Anyway . . .
The movie was fun.
The car chase seen was cool, and I understand product placement and the like, but really, having the 5752 pound Cadillac EXT chase the 3,509 pound CTS was a bit much. Looking on the web, I found these acceleration numbers:
|0-30||2.50 s||3.08 s|
|0-40||3.80 s||4.42 s|
|0-50||5.40 s||6.24 s|
|0-60||7.05 s||8.00 s|
|0-70||9.50 s||11.24 s|
|0-80||12.30 s||14.51 s|
|0-90||15.40 s||20.52 s|
|0-100||19.70 s||27.10 s|
Looking at those numbers, the car chase scene just seems to suggest that Trinity should have been able to easily outpace the twin ghosts and just driven away. And let's not forget the agent somehow getting a semi to do a u-turn without jack-knifing the truck. The Ducati 996 is a beautiful bike, but again, that superbike, even with two riders, should have easily outpaced any chase cars.
I did like how mythology and folk tales (vampires, werewolves, ghosts, etc) were mentioned and explained as "programs." The overall geek factor of the movie seemed higher, as the model of the Matrix as a large virtual universe running on a computer was referred to much more often, with many of the key players actually being "programs" who were trying to avoid deletion. Also, the scene where Trinity hacks into the computer is pretty realistic.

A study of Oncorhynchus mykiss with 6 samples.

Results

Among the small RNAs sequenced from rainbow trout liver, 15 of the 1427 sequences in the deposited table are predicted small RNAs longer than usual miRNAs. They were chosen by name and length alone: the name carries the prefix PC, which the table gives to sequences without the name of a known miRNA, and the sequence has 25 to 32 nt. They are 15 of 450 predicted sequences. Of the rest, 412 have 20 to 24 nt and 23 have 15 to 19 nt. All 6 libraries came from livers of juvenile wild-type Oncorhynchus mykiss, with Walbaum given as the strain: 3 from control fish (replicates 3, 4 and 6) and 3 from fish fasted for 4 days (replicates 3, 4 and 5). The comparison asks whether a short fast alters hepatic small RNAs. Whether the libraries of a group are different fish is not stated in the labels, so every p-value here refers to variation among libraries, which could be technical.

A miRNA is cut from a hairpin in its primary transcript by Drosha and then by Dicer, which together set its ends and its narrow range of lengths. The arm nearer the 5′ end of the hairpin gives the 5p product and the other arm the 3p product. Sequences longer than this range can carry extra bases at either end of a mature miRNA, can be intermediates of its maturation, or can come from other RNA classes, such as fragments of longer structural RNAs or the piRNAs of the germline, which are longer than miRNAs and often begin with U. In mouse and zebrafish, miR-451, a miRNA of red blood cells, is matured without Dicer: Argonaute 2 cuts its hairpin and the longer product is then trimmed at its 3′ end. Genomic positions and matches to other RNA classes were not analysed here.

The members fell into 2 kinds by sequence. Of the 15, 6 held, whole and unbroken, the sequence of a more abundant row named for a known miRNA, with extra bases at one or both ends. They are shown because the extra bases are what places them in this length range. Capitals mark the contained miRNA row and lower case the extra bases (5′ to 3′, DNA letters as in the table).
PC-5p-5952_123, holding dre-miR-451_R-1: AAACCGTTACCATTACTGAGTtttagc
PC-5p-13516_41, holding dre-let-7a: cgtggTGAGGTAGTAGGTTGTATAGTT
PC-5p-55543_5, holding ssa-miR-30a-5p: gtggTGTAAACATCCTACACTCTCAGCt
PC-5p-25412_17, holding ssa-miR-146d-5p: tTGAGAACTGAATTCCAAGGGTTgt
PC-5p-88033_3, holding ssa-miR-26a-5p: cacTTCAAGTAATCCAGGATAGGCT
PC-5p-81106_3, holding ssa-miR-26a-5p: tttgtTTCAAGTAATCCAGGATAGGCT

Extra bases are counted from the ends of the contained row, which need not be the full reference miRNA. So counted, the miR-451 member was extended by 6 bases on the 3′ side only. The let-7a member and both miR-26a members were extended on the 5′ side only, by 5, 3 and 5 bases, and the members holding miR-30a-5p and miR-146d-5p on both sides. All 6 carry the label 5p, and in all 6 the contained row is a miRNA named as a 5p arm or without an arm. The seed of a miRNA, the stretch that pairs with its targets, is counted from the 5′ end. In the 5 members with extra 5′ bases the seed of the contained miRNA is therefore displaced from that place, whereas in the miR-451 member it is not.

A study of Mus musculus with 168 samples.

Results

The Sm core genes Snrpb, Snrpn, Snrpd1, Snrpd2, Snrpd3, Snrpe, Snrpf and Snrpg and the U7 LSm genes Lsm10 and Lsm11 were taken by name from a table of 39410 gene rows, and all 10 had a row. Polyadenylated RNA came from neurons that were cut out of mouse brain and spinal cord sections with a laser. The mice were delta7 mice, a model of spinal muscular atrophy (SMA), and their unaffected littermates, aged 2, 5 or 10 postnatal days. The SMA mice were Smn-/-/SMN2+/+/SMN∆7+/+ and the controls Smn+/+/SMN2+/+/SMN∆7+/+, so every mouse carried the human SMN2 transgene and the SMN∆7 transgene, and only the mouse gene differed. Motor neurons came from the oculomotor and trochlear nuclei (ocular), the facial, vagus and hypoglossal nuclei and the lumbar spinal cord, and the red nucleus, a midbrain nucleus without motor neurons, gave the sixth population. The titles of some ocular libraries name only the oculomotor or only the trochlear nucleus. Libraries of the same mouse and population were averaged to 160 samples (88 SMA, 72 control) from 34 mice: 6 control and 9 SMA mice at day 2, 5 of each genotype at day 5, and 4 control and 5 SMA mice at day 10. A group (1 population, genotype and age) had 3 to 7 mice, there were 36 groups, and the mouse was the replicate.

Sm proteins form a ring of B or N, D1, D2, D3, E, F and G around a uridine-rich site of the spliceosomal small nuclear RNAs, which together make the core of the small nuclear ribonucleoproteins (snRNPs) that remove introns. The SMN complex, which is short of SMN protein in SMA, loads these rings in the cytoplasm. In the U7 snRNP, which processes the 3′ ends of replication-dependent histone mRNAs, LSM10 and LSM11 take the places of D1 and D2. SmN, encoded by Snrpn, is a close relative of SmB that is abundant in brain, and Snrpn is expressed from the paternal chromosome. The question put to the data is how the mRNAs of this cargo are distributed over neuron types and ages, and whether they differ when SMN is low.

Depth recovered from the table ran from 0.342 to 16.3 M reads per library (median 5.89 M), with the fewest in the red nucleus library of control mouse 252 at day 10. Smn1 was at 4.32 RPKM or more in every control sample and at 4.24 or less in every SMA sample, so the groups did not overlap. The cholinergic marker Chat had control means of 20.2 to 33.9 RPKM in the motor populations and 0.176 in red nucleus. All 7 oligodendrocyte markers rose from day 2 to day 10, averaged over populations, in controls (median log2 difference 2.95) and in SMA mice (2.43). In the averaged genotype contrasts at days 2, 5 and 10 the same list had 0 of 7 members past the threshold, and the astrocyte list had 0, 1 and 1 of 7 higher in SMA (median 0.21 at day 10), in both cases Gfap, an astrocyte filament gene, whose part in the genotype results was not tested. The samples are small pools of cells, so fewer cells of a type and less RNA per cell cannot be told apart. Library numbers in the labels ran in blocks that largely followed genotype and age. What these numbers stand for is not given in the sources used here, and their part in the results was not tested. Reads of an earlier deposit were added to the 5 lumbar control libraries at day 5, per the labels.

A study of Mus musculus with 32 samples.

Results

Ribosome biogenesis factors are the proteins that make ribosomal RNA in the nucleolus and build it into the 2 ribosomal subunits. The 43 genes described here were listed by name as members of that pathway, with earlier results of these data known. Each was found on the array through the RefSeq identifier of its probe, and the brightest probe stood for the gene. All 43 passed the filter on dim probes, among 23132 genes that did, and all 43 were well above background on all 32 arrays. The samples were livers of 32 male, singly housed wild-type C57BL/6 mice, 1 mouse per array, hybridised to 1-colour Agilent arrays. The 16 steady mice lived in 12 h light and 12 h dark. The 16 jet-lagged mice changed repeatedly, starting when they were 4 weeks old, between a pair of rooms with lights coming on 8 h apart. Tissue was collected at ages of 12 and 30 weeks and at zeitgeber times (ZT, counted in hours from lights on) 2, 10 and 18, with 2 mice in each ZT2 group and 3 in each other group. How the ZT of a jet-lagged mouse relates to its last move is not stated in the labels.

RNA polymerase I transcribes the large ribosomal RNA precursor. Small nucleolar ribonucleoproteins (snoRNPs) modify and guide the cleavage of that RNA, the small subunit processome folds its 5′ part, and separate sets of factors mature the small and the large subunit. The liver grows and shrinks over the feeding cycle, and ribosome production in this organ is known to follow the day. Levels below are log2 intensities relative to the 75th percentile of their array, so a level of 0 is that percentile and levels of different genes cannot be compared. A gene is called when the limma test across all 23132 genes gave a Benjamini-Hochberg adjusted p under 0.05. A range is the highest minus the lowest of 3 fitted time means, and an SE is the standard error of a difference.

I had heard that the movie was much more action than the head-trip the first one was, but I found this movie again blended the two well. The action scenes were great, with cool coreography and effects that remained stylistically similar to the original. The psychological aspects of the movie seemed significant, with them constantly questioning whether they had choices or the characters were just pawns. The role of the Architect and his explaining how Neo was the penultimate bug, with the other free humans being bugs as well was pretty psychological as well. Being the sixth iteration suggests that this was sort of like garbage cleanup, with the machines coming to purge out the garbage, and having to do this every so often.
I do wonder what Smith's motivation was. He's a rogue program now, separate from the Matrix, but why does he feel the need to constantly assimilate others? And to stop Neo? Since he's no longer an agent, what's his driving force? In the melee battle where he attacks Neo, I was reminded of Micheal Crichton's Prey (which I just read) and thinking about swarm behavior, and emergent behavior as well from adaptive programs.
So, I know some people said they didn't want to see this movie since Neo is too god-like, he doesn't have a weakness. I think the movie does a decent job of portraying him as super-human, but also having weaknesses. His love for Trinity is of course his ultimate weakness. The limits are somewhat arbritray though. He resurrects Trinity, but unlike in the first movie where one might argue it's the power of love that brings Neo back from the grave, in this case, he "hacks" the Matrix and rebuilds her from the inside out. This bugs me a bit as what's to keep him from resurrecting everyone he feels like bringing back? But I'm nit-picking. The movie was entertaining, and sucked me into the fantasy world of the Matrix for 2.5 hours, and in that regard, it's a success.